Newsweek has a must-read profile of Attorney General Eric Holder this week, headlined provocatively: "Holder May Probe Bush-era Torture." But it's more than a scoop about Holder's plans to investigate and possibly prosecute those who authorized illegal detention and interrogation practices during the Bush-Cheney years. In fact, the piece gives almost as many reasons Holder may not probe Bush-era torture as reasons he may.
But it's still well worth reading. It's a fascinating if slightly adoring profile of Holder, and his political development and education. Writer Daniel Klaidman depicts the attorney general as someone with a strong sense of justice, who was sickened by what he read in the torture memos released in April. He also describes him as someone who likes to go along to get along, a good friend to Rahm Emanuel and not immune to "the wrath of Rahm" when the demands of doing justice in the Justice Department conflict with the president's political agenda or popular support.
There is clearly such a conflict when it comes to investigating torture. The story gives a fascinating window onto Obama's decision to release the torture memos. Holder was an advocate of that choice, arguing "if you don't release the memos, you'll own the policy." (I would go further, and say if the Obama administration doesn't investigate the entire array of Bush-era detention decisions, it will own the entire policy.) As the administration familiarized itself with the content of the disturbing memos, Holder and his team even began the process of thinking about who should handle a torture investigation, asking for five candidates inside the Justice Department and five candidates outside of it.
Then Holder won the disclosure debate, Obama released the memos, and something troubling occurred: The lack of any real public outrage over the torture disclosures emboldened Republicans to challenge Obama's national security bona fides, and discouraged Democrats and the White House from further disclosures as well as investigation and, heaven forbid, prosecution. Holder expected the memos to raise the clamor for more action, but when no clamor arose, his position was in fact weakened. Newsweek reports:
Holder and his team celebrated quietly, and waited for national outrage to build. But they'd miscalculated. The memos had already received such public notoriety that the new details in them did not shock many people. (Even the revelation, a few days later, that 9/11 mastermind Khalid Sheikh Mohammed and another detainee had been waterboarded hundreds of times did not drastically alter the contours of the story.) And the White House certainly did its part to head off further controversy. On the Sunday after the memos were revealed, Emanuel appeared on This Week With George Stephanopoulos and declared that there would be no prosecutions of CIA operatives who had acted in good faith with the guidance they were given. In his statement announcing the release of the memos, Obama said, "This is a time for reflection, not retribution." (Throughout, however, he has been careful to say that the final decision is the attorney general's to make.)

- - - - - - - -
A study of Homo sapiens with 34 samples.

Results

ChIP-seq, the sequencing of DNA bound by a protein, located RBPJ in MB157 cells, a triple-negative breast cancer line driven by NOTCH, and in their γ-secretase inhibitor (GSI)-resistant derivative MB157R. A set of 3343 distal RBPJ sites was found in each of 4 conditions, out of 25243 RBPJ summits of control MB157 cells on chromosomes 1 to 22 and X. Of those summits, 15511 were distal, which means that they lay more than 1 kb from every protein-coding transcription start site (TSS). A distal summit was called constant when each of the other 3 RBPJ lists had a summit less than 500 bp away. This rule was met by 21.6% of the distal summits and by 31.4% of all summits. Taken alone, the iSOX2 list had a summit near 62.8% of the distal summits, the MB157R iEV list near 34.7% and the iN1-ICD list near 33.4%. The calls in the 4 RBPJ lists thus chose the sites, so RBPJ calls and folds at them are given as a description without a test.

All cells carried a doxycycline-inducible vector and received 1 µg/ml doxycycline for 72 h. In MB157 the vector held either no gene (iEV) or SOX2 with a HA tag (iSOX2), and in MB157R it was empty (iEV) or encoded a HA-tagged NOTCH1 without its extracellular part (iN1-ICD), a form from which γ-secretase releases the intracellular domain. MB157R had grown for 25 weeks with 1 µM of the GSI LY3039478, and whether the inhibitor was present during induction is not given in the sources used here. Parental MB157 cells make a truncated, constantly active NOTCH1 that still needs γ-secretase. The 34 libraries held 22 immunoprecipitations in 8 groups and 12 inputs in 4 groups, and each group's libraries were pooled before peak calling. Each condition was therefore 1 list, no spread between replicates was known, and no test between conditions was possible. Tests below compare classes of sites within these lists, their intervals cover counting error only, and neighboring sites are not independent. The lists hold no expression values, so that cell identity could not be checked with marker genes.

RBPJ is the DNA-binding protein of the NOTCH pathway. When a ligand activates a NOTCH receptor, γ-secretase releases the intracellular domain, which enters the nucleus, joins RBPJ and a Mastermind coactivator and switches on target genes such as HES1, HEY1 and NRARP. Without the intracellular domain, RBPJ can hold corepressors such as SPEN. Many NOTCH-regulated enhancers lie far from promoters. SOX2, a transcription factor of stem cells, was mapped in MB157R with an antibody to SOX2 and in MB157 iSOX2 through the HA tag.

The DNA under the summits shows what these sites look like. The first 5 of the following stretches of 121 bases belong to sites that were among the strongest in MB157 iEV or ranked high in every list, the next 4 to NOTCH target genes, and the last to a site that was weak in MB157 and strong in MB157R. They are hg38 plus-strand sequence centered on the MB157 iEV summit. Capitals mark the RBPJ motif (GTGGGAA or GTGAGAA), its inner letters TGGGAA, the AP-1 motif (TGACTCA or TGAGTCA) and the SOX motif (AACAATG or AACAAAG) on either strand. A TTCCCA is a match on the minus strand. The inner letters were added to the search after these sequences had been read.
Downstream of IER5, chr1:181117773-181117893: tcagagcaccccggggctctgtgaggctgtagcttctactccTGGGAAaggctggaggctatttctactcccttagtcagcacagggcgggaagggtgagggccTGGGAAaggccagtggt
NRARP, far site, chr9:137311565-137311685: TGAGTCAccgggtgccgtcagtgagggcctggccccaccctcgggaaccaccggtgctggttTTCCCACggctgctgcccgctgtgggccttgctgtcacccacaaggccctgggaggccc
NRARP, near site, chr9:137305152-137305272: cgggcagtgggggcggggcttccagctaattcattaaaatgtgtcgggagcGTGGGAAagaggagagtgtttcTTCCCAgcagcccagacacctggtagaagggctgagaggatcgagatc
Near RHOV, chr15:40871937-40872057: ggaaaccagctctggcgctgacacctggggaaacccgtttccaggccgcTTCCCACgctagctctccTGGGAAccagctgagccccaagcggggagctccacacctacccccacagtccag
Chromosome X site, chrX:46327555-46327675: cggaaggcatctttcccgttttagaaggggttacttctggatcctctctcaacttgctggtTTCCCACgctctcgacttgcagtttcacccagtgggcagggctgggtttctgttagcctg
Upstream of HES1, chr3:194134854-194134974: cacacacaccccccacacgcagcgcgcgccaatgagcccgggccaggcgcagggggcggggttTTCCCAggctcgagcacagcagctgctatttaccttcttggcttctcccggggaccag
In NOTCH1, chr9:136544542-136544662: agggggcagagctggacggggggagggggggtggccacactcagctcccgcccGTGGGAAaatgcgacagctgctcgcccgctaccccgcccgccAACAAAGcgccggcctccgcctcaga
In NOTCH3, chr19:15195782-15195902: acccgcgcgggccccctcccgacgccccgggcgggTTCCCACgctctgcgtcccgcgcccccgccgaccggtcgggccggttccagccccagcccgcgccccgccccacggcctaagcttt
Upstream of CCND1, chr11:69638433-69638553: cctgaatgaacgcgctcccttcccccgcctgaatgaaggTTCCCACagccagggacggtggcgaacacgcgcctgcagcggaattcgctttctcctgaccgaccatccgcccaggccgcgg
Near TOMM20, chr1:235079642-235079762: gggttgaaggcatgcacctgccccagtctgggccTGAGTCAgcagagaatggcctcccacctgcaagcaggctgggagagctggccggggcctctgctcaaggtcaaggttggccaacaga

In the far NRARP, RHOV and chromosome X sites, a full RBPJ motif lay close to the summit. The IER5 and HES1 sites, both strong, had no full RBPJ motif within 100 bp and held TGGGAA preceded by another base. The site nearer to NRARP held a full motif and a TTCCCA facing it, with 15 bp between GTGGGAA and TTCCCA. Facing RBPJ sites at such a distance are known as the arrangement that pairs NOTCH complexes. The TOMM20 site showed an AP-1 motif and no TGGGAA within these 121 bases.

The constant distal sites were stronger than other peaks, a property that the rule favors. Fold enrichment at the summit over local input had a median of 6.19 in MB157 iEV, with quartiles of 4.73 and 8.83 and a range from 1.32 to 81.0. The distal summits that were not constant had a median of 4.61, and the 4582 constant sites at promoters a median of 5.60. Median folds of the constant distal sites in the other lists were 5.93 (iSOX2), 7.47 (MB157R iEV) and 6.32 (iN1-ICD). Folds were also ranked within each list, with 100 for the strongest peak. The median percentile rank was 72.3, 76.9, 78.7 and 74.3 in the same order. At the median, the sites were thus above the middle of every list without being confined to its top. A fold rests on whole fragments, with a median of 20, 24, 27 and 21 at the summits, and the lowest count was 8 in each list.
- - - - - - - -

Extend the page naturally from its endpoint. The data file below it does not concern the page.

Everyone should read the whole article, but I want to dwell particularly on one point. The notion that there was no public outrage after the memos is hard to swallow: Certainly in the pages of Salon, and throughout the entire liberal blogosphere, there was plenty of clamor and outrage. I personally wasted my breath multiple times on MSNBC and CNN, debating torture with the likes of G. Gordon Liddy, David Frum and Liz Cheney.
But it will take a lot more clamor to move public opinion on this issue. One thing is particularly clear: any pro-Obama partisan who lectures others on the need to be patient with Obama, or to believe Obama knows best when it comes to whether and when to act on the issues of torture and detention – well, anyone who argues that position should now know that they own responsibility for Bush-era lawless cruelty, along with the Obama administration. Now more than ever, let's not be sheeple.
Newsweek says Holder will make his decision about an investigation in the next few weeks. The recent revelations that the CIA lied to Congress about a top-secret spying program, and that the warrantless wiretapping scandal is bigger than most in government ever dreamed, should strengthen his hand. But even without a political outcry for action, Holder knows what is right. It's time to look back at that list of 10 possible people to head a torture investigation, and pick one.